Premier League and LFP take BeoutQ case to European Commission

Pressure intensifies on Saudi piracy channel as European soccer leagues seek action.

Premier League and LFP take BeoutQ case to European Commission


Both leagues say they have written to the directorate general for trade at the EC asking for support to investigate BeoutQ and demanding that pressure be put on Saudi Arabia to shut down the illegal service, which has been distributing millions of dollars’ worth of premium sports content.

The LFP has also contacted Riyadh-based satellite operator Arabsat demanding that it prevents BeoutQ from using its satellites to distribute stolen content. Arabsat last month denied that its frequencies are being exploited by BeoutQ, but digital security companies Cisco Systems, Nagra and Overon have since discovered the channel is being distributed by the provider.

‘Last January we participated in the creation of the Association for the Protection of Sporting Programs (APPS) with the broadcasters, the professional leagues and the sports’ federal bodies,’ read a statement from LFP executive director Didier Quillot. ‘Pirate broadcasts attack directly at the economic heart of the sport and we must unite in our struggle against this practice. We ask Arabsat and Saudi Arabia to intervene to stop the piracy of our contents.’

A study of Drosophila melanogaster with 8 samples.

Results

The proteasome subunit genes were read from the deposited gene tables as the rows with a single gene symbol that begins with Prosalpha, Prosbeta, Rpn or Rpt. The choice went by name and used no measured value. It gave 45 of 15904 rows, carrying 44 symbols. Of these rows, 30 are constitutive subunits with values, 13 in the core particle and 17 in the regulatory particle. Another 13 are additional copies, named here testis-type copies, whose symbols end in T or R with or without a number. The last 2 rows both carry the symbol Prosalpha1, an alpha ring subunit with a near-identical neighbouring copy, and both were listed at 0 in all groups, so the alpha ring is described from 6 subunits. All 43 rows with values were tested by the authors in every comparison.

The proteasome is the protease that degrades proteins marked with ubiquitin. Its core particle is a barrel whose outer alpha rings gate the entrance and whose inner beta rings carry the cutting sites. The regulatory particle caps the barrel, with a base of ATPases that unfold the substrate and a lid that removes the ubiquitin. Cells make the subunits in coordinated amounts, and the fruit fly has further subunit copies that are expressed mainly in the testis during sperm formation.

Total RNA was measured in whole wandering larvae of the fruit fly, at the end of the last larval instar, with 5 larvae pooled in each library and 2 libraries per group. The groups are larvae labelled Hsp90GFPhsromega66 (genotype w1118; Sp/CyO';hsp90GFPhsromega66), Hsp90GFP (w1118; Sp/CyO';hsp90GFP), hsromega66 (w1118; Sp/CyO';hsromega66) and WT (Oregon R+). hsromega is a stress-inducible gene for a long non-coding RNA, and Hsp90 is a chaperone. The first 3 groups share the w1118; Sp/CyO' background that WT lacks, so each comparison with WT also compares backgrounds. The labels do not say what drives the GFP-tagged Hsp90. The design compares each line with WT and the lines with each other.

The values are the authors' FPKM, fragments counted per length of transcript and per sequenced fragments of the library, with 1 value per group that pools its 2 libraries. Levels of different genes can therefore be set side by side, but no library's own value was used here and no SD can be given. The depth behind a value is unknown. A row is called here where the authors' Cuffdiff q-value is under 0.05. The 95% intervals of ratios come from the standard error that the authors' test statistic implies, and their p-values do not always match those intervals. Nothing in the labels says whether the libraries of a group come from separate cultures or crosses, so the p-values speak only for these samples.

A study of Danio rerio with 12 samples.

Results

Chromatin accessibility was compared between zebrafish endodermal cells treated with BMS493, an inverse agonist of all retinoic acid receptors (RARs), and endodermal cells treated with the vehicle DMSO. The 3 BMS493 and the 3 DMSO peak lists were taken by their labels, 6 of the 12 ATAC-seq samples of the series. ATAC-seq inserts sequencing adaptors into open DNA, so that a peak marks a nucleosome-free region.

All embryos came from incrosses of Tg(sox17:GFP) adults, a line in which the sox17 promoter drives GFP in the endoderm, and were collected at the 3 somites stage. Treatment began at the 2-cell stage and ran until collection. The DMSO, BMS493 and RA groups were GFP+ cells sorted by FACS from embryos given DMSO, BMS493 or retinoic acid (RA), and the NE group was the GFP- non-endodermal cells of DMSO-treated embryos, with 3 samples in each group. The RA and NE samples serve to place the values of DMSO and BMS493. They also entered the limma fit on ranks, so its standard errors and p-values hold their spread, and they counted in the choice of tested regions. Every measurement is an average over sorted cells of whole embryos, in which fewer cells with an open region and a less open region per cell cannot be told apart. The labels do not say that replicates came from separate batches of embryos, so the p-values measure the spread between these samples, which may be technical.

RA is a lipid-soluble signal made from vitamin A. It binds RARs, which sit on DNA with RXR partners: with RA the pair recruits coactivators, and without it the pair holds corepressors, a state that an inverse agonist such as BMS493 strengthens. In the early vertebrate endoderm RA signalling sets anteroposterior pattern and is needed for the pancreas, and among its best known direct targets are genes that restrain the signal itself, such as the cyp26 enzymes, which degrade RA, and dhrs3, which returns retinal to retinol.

The move comes after Qatari broadcasting giant BeIN Media Group revealed on Thursday that BeoutQ had stolen and illegally distributed its live coverage of games from the opening weekend of both the Premier League and Ligue 1.

BeIN released a sensational statement in which it claimed ‘irrefutable’ proof of an ‘endless pipeline of piracy’ in Saudi Arabia. The company also alleged ‘political motivations’ against BeoutQ, which is widely believed to be a product of the trade ban between Saudi Arabia and Qatar, meaning fans in the former country do not have access to BeIN.

BeoutQ illegally distributed all ten games from the Premier League’s opening weekend, just days after BeIN had renewed its rights deal with the league. Meanwhile, the channel also showed six of the ten opening Ligue 1 games.

“The Premier League has written to the European Commission as part of the Sports Rights Owners Coalition,’ said a Premier League statement reported by the Gulf Times. ‘This is just one of the measures we are taking to address this very serious issue. We operate a significant anti-piracy programme in a range of countries to protect the copyright of the league and our clubs.

‘Like all content creators and rights owners, our business model is predicated on the ability to market and sell protected rights and we will take all available action to support the investment made in the league by our legitimate broadcast partners.’